That’s how much the Federal Reserve dropped interest rates during the 2008 downturn. Quartz points out that there was also a 6% rate cut in 1990 and a 5.25 drop in 2005. The current interest rate is so low that the Fed won’t have the same economy-stimulating power when the next recession hits.
9 out of 10
Also in Quartz: people in Singapore are living in the American dream. 90% of Singapore households own their homes. In Bulgaria, it’s 80%. In Spain, the Czech Republic, Slovenia, Italy, Finland, Ireland, and Mexico, at least 70%. Curiously, the current US home ownership rate of 64% is about the same as it was in 1990. But back then this percentage was above average, whereas we now are close to the bottom compared to high-income nations in Europe and Asia.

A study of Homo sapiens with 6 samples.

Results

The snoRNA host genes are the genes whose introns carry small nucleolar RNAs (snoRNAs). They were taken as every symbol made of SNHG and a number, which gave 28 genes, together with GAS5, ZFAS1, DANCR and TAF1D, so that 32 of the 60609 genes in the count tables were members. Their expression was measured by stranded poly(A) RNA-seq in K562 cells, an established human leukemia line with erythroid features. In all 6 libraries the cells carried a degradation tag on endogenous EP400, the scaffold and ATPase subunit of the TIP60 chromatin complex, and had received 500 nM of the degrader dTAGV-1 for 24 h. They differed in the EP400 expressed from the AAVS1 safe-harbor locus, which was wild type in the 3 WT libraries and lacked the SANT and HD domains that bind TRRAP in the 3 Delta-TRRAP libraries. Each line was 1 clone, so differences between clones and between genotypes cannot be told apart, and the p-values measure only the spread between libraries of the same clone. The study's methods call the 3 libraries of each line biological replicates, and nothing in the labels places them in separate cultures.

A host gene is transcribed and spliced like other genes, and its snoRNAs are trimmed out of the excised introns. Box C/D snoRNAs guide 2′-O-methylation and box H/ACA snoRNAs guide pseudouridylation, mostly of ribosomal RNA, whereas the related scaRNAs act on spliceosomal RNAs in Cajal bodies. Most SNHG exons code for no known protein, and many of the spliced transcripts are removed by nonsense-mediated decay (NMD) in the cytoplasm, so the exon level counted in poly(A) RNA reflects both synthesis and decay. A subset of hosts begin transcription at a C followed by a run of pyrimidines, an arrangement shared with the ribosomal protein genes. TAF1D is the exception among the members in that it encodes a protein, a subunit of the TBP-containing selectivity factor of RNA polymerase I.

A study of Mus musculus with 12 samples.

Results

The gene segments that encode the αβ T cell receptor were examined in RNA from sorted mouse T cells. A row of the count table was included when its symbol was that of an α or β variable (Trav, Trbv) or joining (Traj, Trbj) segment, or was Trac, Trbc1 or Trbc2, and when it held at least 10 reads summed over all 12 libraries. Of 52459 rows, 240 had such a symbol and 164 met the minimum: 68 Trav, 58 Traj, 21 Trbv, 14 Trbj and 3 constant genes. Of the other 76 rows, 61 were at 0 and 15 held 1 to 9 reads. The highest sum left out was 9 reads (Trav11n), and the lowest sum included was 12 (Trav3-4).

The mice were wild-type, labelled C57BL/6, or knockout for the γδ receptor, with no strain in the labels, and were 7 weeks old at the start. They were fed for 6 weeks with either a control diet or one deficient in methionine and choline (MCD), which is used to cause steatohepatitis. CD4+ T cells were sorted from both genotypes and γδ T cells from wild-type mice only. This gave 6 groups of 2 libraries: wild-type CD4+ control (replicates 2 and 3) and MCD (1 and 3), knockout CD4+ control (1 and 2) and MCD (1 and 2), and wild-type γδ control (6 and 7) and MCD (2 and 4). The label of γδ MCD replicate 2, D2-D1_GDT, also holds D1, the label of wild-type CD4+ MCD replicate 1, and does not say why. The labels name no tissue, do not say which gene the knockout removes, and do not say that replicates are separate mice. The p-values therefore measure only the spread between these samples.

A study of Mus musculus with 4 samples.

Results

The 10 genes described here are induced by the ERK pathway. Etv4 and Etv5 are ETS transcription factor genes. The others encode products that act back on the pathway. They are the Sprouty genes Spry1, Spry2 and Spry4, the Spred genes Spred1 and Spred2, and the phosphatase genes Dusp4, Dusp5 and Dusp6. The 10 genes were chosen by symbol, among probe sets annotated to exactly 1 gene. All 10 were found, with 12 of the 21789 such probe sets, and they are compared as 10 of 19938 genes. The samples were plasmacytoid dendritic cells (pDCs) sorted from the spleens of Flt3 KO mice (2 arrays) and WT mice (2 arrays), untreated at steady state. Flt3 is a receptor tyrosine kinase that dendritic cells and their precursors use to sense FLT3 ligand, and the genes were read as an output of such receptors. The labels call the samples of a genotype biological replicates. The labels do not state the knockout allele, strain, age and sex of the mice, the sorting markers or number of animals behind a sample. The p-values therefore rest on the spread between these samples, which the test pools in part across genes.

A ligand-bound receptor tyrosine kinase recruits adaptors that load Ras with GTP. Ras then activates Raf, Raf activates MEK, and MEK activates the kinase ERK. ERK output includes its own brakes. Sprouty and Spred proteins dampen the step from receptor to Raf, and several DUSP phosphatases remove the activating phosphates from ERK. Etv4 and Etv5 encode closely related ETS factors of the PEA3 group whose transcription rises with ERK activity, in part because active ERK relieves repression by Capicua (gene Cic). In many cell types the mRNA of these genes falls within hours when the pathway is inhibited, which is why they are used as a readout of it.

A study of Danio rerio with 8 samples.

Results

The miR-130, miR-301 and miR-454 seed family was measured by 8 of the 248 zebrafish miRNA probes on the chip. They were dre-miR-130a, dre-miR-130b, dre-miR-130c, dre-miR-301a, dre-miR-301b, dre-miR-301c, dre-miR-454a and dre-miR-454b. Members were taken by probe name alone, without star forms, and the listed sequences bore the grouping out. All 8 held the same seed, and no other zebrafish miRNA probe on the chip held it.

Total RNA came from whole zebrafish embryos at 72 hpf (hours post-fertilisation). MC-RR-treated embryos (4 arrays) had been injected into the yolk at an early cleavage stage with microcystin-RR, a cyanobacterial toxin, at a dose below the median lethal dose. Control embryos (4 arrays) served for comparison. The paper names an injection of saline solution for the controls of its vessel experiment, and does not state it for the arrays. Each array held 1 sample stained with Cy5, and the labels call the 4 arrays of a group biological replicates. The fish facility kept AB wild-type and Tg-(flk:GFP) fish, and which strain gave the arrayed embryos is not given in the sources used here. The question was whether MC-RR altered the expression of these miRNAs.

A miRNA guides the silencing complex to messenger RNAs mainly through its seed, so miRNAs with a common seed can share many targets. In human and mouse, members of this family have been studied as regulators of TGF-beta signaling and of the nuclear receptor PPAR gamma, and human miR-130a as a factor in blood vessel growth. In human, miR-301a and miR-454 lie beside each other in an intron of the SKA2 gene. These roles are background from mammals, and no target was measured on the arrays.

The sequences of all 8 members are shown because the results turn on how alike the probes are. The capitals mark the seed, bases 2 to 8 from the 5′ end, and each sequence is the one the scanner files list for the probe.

Fascinating research by Zillow. Income is not necessarily the best predictor of home ownership. Among older couples, single-earner households are only 1% less likely than their dual-earner peers to own homes. And among unmarried singles, those living with roommates or relatives have much higher household incomes, but are only 1% more likely to own homes.
7.9% and 17.1%
Apartment List’s survey shows how income inequality is transferred from generation to generation. 7.9% of millennials renters receive parental help in paying rent, and 17.1% expect parental assistance with home purchase down payments. Since 2000, house prices have increased 75% and rents have gone up 61 percent, but household income for those under 35 has only risen by 31%. Those unable to count on parental support inevitably fall behind.
Bloomberg sifts through the IRS’ Statistics of Income Bulletin and found that $480,930 is the minimum you have to earn annually to join the 1% club. Back in 2009, the threshold was $350,000. The average adjusted gross income among one-percenters is $1,483,596.